AB InBev’s sophisticated BrewRight technology wins international award

Technology is a huge point of pride for us at AB InBev and we’re delighted to see others in the industry are also starting to take notice.

This month, BrewRIGHT was recognized at the 2018 Financial Times Intelligent Business Awards in San Francisco, winning the prestigious FT Intelligent Business Award.

The AB InBev team also won the award for Best Use of Legal Data for the second year in a row, as well as being featured as a case study.

The victory follows the company being  recognized at the 2017 Financial Times European Innovative Lawyer Awards for “innovation in data, knowledge and intelligence” just two years after BrewRight’s deployment, andwidespread coverage and acclaim from multiple industry journals.

The praise and awards confirms the tremendous international  potential for the development of this tool which has paved a way for us to improve how we do business day-to-day, but also to champion our company’s ethos as a whole.

“This technology stands as a testament to our vision of increased transparency,” says Matt Galvin, Global VP, Ethics and Compliance.  “It’s a bold approach that’s unparalleled in our market.” 

In the era of big data, business has brought about transformative moves to pinpoint inefficiencies and solve issues more securely.

That’s why Project BrewRIGHT is making waves in the fight against corruption, fraud and money laundering. This innovative in-house tool uses data analytics and risk scoring to help identify patterns in everyday transactions that may require more investigation or oversight.

Risk scoring has long been used in the financial services and banking industries as a way to monitor transactions and communications (as anyone who has had their credit card declined on a foreign vacation may know from experience). In the realm of consumer goods, though, its use can be seen as trailblazing.

The process involves scoring each transaction on a points basis, with specific “at-risk” criteria being taken into consideration. Each of these attributes can add weight and increased oversight to each transaction. For example, a request for a rush payment may be seen as objectively risky: Through the use of the data analytics provided by Project BrewRIGHT, factors such as a known high-risk vendors with political ties making a request for a rush payment can be properly assessed and investigated with unprecedented speed, accuracy and transparency.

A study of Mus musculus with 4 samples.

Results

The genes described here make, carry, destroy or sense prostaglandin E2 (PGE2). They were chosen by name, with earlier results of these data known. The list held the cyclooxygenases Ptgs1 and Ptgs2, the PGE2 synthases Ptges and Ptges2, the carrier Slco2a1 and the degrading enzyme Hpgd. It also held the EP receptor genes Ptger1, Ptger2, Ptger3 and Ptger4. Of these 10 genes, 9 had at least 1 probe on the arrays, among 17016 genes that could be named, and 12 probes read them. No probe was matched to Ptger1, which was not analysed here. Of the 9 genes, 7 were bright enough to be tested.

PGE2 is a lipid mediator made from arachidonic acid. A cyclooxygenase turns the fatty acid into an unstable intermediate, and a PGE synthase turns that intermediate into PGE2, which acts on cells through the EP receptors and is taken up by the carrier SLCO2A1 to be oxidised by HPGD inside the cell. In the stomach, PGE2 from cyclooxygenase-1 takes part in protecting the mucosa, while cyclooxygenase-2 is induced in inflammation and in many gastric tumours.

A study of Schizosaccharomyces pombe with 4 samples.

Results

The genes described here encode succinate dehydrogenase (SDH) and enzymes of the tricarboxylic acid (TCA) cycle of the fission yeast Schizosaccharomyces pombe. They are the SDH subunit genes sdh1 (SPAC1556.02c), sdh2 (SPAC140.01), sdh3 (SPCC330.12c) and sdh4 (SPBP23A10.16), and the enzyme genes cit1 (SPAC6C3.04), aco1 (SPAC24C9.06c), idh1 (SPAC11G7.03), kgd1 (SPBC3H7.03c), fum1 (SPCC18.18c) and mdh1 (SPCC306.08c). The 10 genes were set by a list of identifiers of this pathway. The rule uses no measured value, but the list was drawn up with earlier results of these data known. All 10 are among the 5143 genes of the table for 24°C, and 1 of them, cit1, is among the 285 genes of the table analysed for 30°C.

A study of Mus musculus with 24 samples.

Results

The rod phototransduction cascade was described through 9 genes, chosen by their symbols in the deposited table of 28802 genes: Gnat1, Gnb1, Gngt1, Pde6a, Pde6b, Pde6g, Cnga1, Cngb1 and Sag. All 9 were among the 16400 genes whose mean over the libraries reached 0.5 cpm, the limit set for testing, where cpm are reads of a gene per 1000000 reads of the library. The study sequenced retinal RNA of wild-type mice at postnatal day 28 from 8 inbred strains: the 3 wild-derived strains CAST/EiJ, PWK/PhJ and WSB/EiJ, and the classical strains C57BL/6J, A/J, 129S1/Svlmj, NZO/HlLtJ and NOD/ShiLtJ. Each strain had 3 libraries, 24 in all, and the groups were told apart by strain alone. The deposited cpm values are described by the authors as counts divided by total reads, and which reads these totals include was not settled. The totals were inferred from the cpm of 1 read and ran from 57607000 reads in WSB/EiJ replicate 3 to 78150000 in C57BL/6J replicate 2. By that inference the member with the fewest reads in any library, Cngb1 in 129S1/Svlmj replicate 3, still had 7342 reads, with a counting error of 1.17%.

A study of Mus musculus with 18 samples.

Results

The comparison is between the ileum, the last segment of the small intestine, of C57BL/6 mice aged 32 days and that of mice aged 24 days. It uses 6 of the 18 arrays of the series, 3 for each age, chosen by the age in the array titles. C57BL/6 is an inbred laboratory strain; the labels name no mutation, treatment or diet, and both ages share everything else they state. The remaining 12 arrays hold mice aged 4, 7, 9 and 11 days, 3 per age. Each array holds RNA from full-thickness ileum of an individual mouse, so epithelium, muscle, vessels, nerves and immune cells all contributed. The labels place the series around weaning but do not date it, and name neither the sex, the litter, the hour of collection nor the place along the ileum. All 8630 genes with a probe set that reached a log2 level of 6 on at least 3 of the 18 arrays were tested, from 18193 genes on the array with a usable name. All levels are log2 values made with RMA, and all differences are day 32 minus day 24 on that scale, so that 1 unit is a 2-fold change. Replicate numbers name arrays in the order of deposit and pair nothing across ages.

Our General Counsel and Company Secretary John Blood explains: “We use technology in particular to drive transparency, simplify our processes, and empower our compliance and business colleagues to help prevent unethical practices in our operating environments in an efficient and effective way.”

Developed in its early stages with Covington and EY, Project BrewRIGHT has also brought efficiency to a once-difficult process by not only compiling data but by building upon it over time. Through a process of regression analysis (also known as “machine learning”), the very tool that’s tackling fraud and corruption is being made better at less expense to the company.

“We see ourselves at the start of a journey to digitize our company that has a brewing history dating back to 1366.

“As more and more users access and work within the ecosystem of BrewRIGHT, the system learns from their efforts, so the system will get smarter quickly and future compliance officers will benefit from the work of today,” says Tassilo Festetics, Vice President of Global Solutions.

“We’ll be able to complete the same work with a fraction of the budget and workforce with untold more success in the end result.” The system allows us to truly map the impact of other compliance programs and initiatives that we’ve developed with our strategic compliance partners – GAN Integrity (investigations and diligence systems) and Gadfly (innovative ethics training).

Existing in Microsoft’s Azure cloud using Salesforce interface, Project BrewRIGHT has also brought efficiency to a once-difficult process by not only compiling data but by building upon it over time. 

Centralized data and increased visibility tackle endemic problems on multiple fronts, from making the enforcement of blacklist sanctions easier to creating a sustainable system for theoretically catching risk-heavy transactions before they even take place. “You create efficiency by eliminating corruption, and you can do your job much better as an investigator in compliance if you have all your data in a nicely presented way,” says Matt. “For a compliance professional, it’s amazingly empowering.”